Windows XP and thinking of the children
Windows XP will got out of official support next week, Tuesday 8 April to be exact.
Unless an organisation has already agreed a specific support package with Microsoft that means the venerable OS will no longer receive security updates.
So, some might say ‘whoopy-de-do’, while others might respond with the Helen Lovejoy Cry. But what is likely to happen?
Well, there have been varying degrees of doom predictions for users of the OS, with some specific scenarios affecting the likes of the retail industry, but what is the reality of the situation?
It has been suggested that hackers are merely storing up exploits to use on unwitting laggards who have not made the migration to either Windows 7 or the much maligned Windows 8. But is this true?
Well, the likelihood is that the nefarious criminals have been looking closely at the OS to see if there are indeed any exploits left.
Most have been found by now due to the popularity and longevity of the system. Often, only after such widespread usage a software package is deemed finally fit for more advanced usage. One need only look at the example of XP’s predecessor in business, Windows 2000, itself built on Windows NT4, which went on, after its own discontinuation, to be used in military applications, specifically with the Royal Navy, where it was dubbed by wags ‘Windows for Warships’.
So it is unlikely, though not impossible, that there are still bugs in Windows XP that would allow a mass exploit that could compromise a large proportion of users. Were such a vulnerability to exist, one can be sure that there are those that would pay handsomely for it, as there is no doubt somewhere a list of the major users persisting with XP and what they do. This kind of list is no doubt a charter for hackers and organised crime to orchestrate ‘The Great XP Attack’TM.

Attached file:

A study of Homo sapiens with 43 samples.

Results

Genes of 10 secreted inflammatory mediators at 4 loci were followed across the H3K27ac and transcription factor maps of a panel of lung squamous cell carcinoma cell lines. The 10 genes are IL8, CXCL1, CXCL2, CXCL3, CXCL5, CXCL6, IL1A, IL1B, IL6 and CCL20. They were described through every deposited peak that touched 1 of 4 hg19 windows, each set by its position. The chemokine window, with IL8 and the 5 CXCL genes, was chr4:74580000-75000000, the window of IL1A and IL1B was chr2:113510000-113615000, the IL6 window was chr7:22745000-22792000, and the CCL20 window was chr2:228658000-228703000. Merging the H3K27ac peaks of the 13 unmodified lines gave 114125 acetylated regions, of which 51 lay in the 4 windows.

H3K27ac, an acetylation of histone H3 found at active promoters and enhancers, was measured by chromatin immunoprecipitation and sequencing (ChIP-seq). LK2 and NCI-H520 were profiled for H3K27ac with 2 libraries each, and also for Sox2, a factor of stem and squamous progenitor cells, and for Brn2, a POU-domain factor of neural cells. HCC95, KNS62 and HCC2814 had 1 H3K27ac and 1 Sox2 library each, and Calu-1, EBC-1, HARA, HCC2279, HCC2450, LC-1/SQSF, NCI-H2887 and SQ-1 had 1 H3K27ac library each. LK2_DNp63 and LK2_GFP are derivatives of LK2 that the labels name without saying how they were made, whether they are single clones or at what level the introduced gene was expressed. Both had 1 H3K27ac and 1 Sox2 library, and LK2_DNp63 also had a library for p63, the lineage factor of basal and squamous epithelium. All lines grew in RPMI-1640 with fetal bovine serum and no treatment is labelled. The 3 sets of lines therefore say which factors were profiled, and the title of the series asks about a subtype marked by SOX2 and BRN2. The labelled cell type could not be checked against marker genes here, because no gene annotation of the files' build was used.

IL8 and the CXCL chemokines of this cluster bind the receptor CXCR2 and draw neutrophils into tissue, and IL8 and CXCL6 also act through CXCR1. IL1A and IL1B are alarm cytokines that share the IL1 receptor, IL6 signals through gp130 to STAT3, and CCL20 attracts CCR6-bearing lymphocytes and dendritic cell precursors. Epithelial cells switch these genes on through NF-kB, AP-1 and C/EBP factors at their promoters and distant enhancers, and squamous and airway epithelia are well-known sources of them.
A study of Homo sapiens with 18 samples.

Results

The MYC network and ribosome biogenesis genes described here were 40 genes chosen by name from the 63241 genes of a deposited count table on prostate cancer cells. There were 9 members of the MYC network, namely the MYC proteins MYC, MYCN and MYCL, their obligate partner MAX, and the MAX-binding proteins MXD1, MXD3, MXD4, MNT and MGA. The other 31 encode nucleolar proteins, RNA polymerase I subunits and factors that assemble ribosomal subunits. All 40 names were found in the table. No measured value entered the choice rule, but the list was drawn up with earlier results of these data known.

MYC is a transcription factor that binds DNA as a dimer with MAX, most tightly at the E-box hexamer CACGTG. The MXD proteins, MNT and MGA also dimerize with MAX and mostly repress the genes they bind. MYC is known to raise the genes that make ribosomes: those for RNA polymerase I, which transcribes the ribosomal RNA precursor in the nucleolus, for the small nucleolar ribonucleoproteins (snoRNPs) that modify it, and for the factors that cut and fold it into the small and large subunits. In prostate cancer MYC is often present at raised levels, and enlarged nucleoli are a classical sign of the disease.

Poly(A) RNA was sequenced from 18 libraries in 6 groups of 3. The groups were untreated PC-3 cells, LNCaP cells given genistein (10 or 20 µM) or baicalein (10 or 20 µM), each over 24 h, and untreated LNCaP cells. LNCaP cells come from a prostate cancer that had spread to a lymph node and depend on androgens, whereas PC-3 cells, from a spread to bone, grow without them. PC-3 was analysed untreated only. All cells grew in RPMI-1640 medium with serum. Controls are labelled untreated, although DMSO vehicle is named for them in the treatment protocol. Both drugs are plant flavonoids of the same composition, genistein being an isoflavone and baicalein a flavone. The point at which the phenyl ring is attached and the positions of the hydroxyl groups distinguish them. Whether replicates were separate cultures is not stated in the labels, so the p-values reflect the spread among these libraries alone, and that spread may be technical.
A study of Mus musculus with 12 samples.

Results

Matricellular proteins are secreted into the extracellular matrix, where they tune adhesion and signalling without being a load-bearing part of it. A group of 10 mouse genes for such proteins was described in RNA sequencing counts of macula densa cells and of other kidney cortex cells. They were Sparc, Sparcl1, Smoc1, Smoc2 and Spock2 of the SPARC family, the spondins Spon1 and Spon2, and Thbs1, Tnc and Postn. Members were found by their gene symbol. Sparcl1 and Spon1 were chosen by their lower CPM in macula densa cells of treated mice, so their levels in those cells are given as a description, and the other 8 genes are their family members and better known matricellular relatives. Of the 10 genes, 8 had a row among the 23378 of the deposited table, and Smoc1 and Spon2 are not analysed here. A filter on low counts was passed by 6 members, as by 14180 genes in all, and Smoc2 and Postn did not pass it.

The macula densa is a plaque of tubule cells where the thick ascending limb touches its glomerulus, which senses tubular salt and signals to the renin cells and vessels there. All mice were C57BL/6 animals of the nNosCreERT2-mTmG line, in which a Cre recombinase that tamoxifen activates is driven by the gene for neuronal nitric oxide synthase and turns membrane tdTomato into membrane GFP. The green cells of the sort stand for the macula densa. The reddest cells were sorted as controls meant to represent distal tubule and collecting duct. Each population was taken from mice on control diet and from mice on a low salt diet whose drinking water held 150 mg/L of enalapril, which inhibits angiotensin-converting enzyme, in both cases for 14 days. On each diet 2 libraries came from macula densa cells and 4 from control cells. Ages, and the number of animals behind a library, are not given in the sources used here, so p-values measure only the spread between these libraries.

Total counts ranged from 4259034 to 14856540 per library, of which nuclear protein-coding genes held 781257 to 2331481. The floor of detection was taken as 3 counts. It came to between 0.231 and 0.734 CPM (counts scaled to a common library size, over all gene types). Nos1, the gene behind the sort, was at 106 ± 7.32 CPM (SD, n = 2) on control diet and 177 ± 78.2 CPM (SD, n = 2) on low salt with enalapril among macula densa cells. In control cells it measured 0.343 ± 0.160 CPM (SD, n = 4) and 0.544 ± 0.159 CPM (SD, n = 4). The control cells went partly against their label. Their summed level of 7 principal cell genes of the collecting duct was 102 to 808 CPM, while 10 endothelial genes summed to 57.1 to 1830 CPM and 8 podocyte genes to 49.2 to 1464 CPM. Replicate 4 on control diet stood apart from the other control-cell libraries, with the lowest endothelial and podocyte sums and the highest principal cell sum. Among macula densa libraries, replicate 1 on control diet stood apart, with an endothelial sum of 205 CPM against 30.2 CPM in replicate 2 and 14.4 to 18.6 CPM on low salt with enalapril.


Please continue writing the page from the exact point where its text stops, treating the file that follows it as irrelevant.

What is far more likely is that there are those in possession of a minor exploit, perhaps a variation on a theme already seen but still vulnerable that would allow a single machine with a specific combination of applications on top of XP, who would be willing to sell such knowledge to those looking to make something targeted.
Such spear attacks, as opposed to mass attacks, are really where the greatest danger lies. But again, Windows XP, supported or not, should not be in a position where it should need to defend itself. There is no harm in persisting with the OS if it is properly protected by the usual bells and whistles, from firewalls to AV, AS and AM, and of course, port blockers to stop people plugging things into it as it sits hunkered down behind all those curtain walls.
In much the same way that one would not expect a Windows 8.1 machine to sit exposed to all the Web can throw at it, an XP machine may well stay perfectly safe when properly protected.
While we provided some good advice and instruction here in our recent feature on XP migration, common sense and normal infosec rules still apply. Protect it as you would any desktop OS within your organisation and the likelihood is it will be fine for some time to come.
And if any of your people are doing the Helen Lovejoy, try a glass of cold water to the face, followed by a lie down in a darkened room.